CHICAGO, Aug. 31 — Imam W. Deen Mohammed, the black Muslim spiritual leader who over three decades transformed how American blacks practice the religion, resigned today as head of the American Society of Muslims.
Mohammed said he will continue to represent and guide black Muslims and direct his ministry, the Mosque Cares, but would no longer lead the society, the main organization representing his movement.
“I’m getting ready . . . to do more, to be more productive and to contribute to the good life of the believers,” Mohammed said at the start of his keynote speech at the society’s annual convention.
Mohammed, who will turn 70 in October, on Saturday privately informed his movement’s imams, or prayer leaders, that he would step down.
His national representative, Imam Earl Abdulmalik Mohammed, announced the decision before today’s speech. Some audience members gasped, then applauded and cheered.
“I don’t know about you, but when I told the imams about my resignation yesterday, a big burden went off my back,” W. Deen Mohammed joked to the crowd. He would not comment further on his resignation.
W. Deen Mohammed is the son of Elijah Muhammad, who led the Nation of Islam.
The Nation had taught that its founder, Wallace D. Fard, had divine status and that Elijah Muhammad was a prophet — which is heretical in mainstream Islam and alienated the movement from Muslims worldwide.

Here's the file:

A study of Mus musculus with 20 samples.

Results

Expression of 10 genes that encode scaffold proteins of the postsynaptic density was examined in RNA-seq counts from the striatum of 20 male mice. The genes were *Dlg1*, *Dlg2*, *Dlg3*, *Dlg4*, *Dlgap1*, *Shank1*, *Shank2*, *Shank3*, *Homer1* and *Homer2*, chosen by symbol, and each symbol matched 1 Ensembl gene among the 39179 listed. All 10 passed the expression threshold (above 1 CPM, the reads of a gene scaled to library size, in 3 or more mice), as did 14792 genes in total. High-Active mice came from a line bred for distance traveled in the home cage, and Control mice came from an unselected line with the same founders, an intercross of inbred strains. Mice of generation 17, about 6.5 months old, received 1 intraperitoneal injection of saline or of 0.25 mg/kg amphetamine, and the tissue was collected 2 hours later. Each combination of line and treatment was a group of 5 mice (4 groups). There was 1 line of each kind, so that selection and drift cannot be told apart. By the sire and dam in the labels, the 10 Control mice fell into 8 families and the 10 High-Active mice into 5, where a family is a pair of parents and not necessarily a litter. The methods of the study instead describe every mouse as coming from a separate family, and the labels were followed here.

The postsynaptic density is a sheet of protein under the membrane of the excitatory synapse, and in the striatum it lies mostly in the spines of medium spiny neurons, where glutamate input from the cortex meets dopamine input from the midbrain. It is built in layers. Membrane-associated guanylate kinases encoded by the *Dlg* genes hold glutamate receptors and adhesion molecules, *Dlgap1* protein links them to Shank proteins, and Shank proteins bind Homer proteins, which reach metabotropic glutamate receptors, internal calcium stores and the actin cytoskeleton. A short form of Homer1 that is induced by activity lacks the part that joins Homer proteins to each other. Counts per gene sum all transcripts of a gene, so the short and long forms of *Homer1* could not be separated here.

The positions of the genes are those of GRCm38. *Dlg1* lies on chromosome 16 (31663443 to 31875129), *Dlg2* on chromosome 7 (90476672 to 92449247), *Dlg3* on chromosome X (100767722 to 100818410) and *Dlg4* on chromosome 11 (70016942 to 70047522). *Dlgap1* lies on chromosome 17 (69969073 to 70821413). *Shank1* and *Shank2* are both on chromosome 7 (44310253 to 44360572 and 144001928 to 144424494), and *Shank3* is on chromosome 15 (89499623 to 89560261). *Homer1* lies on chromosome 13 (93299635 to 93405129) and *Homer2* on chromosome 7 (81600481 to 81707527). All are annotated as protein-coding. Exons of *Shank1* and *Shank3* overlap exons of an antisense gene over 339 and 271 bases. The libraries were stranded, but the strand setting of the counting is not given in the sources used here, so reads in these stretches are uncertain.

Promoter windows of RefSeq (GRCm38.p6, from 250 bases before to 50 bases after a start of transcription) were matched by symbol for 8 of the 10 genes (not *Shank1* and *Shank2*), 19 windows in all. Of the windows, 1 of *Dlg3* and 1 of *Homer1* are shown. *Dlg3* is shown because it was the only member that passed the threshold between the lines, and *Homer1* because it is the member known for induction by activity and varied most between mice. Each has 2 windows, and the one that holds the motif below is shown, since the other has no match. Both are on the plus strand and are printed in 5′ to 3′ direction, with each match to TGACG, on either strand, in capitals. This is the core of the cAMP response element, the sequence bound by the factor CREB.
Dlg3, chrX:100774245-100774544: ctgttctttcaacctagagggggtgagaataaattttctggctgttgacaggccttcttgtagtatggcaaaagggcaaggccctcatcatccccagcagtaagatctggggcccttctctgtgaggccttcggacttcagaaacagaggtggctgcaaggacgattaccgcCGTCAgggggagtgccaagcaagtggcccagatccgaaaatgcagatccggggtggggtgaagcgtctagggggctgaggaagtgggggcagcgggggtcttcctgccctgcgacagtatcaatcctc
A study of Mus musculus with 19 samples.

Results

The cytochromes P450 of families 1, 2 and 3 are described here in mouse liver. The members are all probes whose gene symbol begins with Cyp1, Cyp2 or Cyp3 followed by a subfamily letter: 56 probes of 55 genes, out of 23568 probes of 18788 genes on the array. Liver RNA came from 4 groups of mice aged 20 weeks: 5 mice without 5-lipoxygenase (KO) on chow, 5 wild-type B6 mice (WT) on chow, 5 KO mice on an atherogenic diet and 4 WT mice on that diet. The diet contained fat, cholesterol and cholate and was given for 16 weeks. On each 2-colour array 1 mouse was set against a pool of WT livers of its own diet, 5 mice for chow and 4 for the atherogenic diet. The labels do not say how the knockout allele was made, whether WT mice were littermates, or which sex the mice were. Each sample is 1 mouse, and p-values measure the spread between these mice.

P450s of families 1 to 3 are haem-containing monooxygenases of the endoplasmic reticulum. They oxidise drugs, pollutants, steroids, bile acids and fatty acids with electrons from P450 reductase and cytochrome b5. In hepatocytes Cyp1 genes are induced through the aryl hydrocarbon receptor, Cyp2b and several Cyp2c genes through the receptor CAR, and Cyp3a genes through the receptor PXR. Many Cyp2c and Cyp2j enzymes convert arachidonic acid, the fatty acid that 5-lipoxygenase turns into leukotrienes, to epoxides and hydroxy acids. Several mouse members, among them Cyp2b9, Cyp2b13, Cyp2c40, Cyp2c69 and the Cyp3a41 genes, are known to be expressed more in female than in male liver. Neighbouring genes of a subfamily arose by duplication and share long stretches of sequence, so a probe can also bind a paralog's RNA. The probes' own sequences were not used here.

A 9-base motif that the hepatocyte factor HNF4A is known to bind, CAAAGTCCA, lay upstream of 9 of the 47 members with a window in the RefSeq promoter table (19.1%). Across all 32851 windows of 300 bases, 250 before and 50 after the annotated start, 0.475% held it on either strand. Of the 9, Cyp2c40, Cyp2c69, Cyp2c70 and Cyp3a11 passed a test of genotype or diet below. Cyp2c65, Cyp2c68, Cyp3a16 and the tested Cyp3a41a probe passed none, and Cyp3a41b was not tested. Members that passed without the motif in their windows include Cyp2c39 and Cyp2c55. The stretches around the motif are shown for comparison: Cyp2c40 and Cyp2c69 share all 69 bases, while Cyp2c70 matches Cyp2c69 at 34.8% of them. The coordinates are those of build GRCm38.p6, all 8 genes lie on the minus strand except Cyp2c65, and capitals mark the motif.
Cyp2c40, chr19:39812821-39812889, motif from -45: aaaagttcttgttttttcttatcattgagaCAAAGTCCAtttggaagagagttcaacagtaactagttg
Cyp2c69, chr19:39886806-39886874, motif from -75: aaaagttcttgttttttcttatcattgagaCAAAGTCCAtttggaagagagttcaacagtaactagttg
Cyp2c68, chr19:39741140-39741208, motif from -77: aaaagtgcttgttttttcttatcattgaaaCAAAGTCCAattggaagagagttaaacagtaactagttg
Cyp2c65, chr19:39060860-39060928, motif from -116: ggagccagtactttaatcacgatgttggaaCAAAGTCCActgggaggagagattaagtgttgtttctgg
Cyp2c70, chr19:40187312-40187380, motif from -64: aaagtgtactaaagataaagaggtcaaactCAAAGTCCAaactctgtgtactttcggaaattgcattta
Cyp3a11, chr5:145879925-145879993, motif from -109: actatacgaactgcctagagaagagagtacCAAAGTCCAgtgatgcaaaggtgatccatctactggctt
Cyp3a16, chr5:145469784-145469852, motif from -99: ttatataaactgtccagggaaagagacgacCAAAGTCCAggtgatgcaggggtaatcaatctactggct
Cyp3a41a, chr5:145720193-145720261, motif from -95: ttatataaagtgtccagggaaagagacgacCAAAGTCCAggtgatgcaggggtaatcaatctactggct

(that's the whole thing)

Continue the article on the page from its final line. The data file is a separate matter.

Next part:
When W. Deen Mohammed took over the Nation of Islam in the 1970s, he gradually moved his thousands of followers toward orthodox Islam. He founded the group that became the American Society of Muslims, and Louis Farrakhan took leadership of the old Nation of Islam.
The two publicly mended fences years later, although their movements remain separate.
Imam David Shaheed said no successor has been named and no timetable set for an appointment. He said the imams of the movement would meet to decide whether to name one successor or to restructure the society.
But Abdulmalik Mohammed insisted that although W. Deen Mohammed is cutting back on his role with the society, he will remain the movement’s spiritual leader.
“No force of nature, no spirit, no influence, no person, no group can ever separate me from Imam W. Deen Mohammed,” Abdulmalik Mohammed said.